Gold futures headed higher Monday morning, putting the yellow metal on track to add to its gains toward its highest level in a month and a half as commodity investors harbor doubts about U.S. economic vitality.
Gold for December delivery GCZ19, +0.10% on Comex gained $2.10, or 0.1%, to $1,513.40 an ounce after notching a 0.4% weekly advance based on the most-active contracts.
December silver SIZ19, +0.40% added 10 cents, or 0.6%, at $18.160, following a 1.1% weekly gain booked on Friday.
The trading action come even as stocks appeared ready to head toward records after a hotter-than-expected jobs report on Friday showed 128,000 jobs created in October, with the S&P 500 SPX, +0.39%, Dow Jones Industrial Average DJIA, +0.41% and the Nasdaq Composite Index COMP, +0.47% poised to all hit new highs if their current gains hold up.
Risk assets like equities tend to be fall when gold prices are advancing and vice versa.
The moves were puzzling to commodity experts as well.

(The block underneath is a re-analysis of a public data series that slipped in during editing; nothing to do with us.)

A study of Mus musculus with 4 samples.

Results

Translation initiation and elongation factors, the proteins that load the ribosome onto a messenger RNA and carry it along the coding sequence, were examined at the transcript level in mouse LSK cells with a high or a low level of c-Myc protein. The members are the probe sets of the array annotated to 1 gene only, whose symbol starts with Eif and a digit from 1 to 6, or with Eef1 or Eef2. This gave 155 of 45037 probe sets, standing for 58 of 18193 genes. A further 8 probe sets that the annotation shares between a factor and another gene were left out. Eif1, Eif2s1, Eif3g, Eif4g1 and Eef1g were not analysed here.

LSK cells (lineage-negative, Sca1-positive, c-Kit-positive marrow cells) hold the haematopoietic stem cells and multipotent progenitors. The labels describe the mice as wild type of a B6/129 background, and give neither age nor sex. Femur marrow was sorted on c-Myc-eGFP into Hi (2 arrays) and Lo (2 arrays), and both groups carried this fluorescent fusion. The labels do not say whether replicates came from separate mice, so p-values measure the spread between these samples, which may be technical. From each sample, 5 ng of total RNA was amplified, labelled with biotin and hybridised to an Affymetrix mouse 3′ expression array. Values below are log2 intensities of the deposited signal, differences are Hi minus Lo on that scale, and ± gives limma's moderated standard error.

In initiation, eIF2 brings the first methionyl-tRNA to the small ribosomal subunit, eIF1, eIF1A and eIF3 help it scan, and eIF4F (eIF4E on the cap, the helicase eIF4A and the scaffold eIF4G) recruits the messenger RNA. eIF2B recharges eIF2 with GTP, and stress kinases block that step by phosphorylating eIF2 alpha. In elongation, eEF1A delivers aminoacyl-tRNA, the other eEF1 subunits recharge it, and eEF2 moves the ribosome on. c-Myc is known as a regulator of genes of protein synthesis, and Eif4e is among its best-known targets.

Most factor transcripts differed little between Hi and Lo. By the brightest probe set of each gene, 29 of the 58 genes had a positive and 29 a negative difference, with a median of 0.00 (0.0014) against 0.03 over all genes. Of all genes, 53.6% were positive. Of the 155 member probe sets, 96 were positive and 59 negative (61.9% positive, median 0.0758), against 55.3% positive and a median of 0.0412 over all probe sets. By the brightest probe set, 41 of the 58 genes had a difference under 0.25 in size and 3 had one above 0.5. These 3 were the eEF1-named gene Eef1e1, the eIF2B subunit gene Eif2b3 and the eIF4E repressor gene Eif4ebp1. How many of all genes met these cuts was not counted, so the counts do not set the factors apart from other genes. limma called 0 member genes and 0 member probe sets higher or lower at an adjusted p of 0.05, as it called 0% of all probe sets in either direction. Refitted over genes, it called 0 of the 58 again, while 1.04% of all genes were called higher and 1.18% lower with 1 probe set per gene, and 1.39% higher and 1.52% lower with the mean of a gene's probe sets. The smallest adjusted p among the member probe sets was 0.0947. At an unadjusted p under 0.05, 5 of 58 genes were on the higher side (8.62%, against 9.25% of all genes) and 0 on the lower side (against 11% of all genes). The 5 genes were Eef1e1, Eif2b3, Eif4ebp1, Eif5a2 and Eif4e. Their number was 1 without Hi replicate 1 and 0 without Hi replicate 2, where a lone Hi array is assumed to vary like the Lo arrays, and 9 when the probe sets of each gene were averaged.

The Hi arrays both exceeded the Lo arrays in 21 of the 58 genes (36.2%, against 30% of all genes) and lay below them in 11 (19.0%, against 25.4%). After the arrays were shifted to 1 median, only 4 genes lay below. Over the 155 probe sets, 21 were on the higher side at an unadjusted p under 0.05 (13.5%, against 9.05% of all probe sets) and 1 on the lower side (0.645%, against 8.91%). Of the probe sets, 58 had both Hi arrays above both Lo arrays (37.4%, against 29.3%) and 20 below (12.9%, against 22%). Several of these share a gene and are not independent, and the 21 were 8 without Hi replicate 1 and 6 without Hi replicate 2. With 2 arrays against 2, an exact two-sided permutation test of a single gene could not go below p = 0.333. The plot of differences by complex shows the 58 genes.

“Not sure, either, other than technical posture remains overall bullish,” Jim Wyckoff, senior analyst Kitco.com told MarketWatch.
Naeem Aslam said part of the reason for the gains for gold, despite bullish moves for a stocks, was that the health of the U.S. economy remains a question for some bears.
“It is important to keep in mind that the overall US economic docket does paint a pessimistic picture,” he wrote in a Monday report.
Indeed, the Institute for Supply Management’s October manufacturing activity index came in at 48.3% in October, below expectations for a 49% reading, but above the 47.8% seen in September. Any reading below 50% indicates contraction.
“If manufacturing continues to suffer it would take down the labor market and the only solution to this problem is the cease-fire between the US and China,” he said.
The strategist said that gold holding above $1,500 for an extended period is a bullish sign for those upbeat on gold prices.